The House Permanent Select Committee on Intelligence (HPSCI) sent an important bipartisan signal through Section 439 of the FY 24 Intelligence Authorization Act (IAA) that the U.S. Intelligence Community (IC) must do more to track how intelligence-sharing with allies and partners may contribute to civilian harm. While the Department of Defense (DOD) is required to report to Congress when a U.S. military operation kills civilians, intelligence agencies – until now – have not been required by law to track or report instances when the United States provides intelligence support for operations that result in civilian harm. Section 439 imposes a requirement to do just that.
Tracking and investigating how partners and allies use U.S. intelligence is important not only because of U.S. legal (and moral) culpability in the strikes it enables, but also to hold partners accountable and instill better civilian protection measures. As the United States continues to work more with partner forces, including through proxy warfare programs such as 127e and 1202, it will be even more crucial for Congress to keep tabs on how partners use U.S intelligence information.
Examining the Intel Sharing Problem
Section 439 of the IAA, which was enacted last year as Section 7326 of the National Defense Authorization Act (NDAA) for Fiscal Year 2024, requires the Office of the Director of National Intelligence (ODNI) to submit an annual report to Congress on civilian casualties caused by foreign government operations, including operations in which intelligence shared by the IC played a “significant role.” The provision requires ODNI report the following information: the date on which, and the location where, the operation occurred; the element of the foreign government that conducted the operation; the individual or entity against which the covered operation was directed; and other circumstances or facts that the Director of National Intelligence determines relevant.
Due to the lack of a statutory requirement until now, it is unlikely that either the IC or Congress have a full picture of where shared U.S. intelligence has led to civilian harm. But public reporting has brought to light concerning incidents where U.S. partners likely used U.S. intelligence in military operations that harmed civilians.
For example, members of Congress were alarmed by reports that the United States provided the Nigerian armed forces with intelligence related to a strike of an internally displaced persons camp in Rann, Nigeria that killed over 70 people and wounded at least 120.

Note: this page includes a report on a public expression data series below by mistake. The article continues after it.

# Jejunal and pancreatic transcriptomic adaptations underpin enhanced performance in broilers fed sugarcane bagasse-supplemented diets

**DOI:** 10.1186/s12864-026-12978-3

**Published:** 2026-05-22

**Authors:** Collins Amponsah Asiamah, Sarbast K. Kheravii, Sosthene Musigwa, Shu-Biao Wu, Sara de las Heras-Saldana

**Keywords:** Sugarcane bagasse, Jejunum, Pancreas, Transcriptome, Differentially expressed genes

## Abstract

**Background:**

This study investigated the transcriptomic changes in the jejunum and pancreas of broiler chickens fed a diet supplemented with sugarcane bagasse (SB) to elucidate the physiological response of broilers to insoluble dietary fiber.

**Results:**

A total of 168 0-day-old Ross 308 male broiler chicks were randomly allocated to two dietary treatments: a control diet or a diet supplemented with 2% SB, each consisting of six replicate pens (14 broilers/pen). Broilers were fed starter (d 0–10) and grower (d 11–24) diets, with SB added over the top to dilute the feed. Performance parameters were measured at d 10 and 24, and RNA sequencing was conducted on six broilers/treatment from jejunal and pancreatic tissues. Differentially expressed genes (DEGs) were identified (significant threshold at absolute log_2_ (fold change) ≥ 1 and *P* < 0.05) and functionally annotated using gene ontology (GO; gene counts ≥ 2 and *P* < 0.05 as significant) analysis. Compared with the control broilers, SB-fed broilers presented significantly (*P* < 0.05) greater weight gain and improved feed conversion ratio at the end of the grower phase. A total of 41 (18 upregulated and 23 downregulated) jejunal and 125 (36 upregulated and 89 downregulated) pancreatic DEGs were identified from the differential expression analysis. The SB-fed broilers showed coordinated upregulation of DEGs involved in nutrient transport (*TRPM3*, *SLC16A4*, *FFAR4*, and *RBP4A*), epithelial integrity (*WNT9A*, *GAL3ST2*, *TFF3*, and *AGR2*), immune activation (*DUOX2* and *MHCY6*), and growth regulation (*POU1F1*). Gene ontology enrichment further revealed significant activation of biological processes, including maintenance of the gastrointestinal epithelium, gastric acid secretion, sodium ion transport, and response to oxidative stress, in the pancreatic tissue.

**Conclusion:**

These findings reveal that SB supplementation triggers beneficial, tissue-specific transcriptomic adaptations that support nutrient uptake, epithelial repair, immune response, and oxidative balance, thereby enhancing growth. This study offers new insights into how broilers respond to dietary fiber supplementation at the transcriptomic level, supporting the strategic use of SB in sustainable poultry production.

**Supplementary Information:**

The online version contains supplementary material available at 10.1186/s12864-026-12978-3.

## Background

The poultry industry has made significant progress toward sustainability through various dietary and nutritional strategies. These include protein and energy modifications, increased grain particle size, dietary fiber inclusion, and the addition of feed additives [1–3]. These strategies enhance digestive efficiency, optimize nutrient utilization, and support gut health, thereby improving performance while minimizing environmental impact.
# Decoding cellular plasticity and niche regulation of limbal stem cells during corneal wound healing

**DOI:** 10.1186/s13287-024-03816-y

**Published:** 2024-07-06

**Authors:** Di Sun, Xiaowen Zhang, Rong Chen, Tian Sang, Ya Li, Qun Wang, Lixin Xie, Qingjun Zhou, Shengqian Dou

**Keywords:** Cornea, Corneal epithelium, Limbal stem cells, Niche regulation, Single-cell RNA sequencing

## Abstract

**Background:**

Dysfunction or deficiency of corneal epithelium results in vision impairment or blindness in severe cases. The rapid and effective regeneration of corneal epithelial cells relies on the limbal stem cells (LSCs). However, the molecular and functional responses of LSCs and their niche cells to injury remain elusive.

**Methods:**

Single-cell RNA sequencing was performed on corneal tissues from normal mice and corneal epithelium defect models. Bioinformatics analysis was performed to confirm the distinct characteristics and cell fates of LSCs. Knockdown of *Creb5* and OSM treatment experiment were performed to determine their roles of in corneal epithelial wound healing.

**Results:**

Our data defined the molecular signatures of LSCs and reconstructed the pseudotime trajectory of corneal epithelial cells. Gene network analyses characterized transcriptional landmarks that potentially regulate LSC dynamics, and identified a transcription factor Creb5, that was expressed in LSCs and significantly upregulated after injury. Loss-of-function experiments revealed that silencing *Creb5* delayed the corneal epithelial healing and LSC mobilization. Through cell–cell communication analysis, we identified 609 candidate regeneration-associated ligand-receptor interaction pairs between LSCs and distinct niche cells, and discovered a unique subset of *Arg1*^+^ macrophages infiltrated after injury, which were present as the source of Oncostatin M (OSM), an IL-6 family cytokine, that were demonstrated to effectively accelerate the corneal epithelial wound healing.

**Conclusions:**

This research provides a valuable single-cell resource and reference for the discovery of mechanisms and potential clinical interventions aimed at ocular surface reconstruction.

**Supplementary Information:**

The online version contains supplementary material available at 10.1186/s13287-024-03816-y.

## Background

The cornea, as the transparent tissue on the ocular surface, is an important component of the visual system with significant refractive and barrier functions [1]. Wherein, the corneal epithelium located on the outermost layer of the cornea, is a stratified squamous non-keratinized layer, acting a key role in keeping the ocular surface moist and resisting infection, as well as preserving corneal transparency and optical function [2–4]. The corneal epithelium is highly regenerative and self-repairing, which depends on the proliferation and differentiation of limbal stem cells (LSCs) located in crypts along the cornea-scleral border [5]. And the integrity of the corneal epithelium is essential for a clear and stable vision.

Public reporting also indicates that the U.S. military has shared intelligence with Saudi and Emirati forces, enabling their bombing campaign in Yemen that has been widely criticized for indiscriminate attacks.
Absent stronger oversight, it is impossible to discern how allies and partners are using U.S. intelligence in military operations. In certain cases, the IC may be providing indirect support through intelligence sharing for partner operations conducted in a manner inconsistent with U.S. law and policy (including standards set, for example, in the DoD Law of War Manual and the Presidential Policy Memorandum on direct action).
The State Department has developed guidance to investigate reports of civilian harm involving weapons from the United States and recommend actions that could include suspension of arms sales. The same should be required for the sharing and use of U.S. intelligence information.
The HPSCI provision is a positive first step that will increase congressional oversight and executive branch transparency of intelligence sharing. But opportunities exist to strengthen the provision further, as Congress has done for the annual 1057 civilian casualty report. Ultimately, the IC and DoD’s interpretation and implementation of the statute will determine the annual report’s efficacy.
First, the ODNI will need to develop a definition to determine whether intelligence shared meets the “significant role” threshold for inclusion in the annual report to Congress. Will ODNI’s reports only include incidents where the U.S. provided tactical, real-time intelligence for targeting purposes? Or will reporting encompass intelligence provided prior to the strike to initially identify the person or object as a target? A broad definition would help Congress surmise the true scale of the issue and assess the impact of U.S. contributions.
Second, the IAA provision also specifies that covered operations include those conducted by a “foreign government.” But the United States may also provide intelligence to non-state entities, including state-supported militias and proxy groups. Congress should modify the provision to ensure “covered operations” include all foreign entities, including non-state actors, using U.S. intelligence for military operations.
Additionally, the provision does not cover all instances of U.S. intelligence sharing that may result in civilian harm. The IAA provision mandates reporting by ODNI, but other entities outside of the IC, such as the combatant commands (e.g., CENTCOM and AFRICOM) also share intelligence with partners. These entities are even more likely to share the type of tactical intelligence that results in civilian harm. The provision should be amended to include all agencies and components that share intelligence with foreign partners, regardless of their status as a member of the IC.
Finally, increased transparency concerning the scale and impact of U.S. intelligence sharing is crucial to support legislative deliberation and public discourse. The IAA provision focuses on providing classified information to Congress; a redacted and declassified version of the report also should be released to the public.
U.S. intelligence is a national asset and should only be used in ways consistent with U.S. law and policies. If partners and allies are not living up to these standards, then Congress must act to do something about it.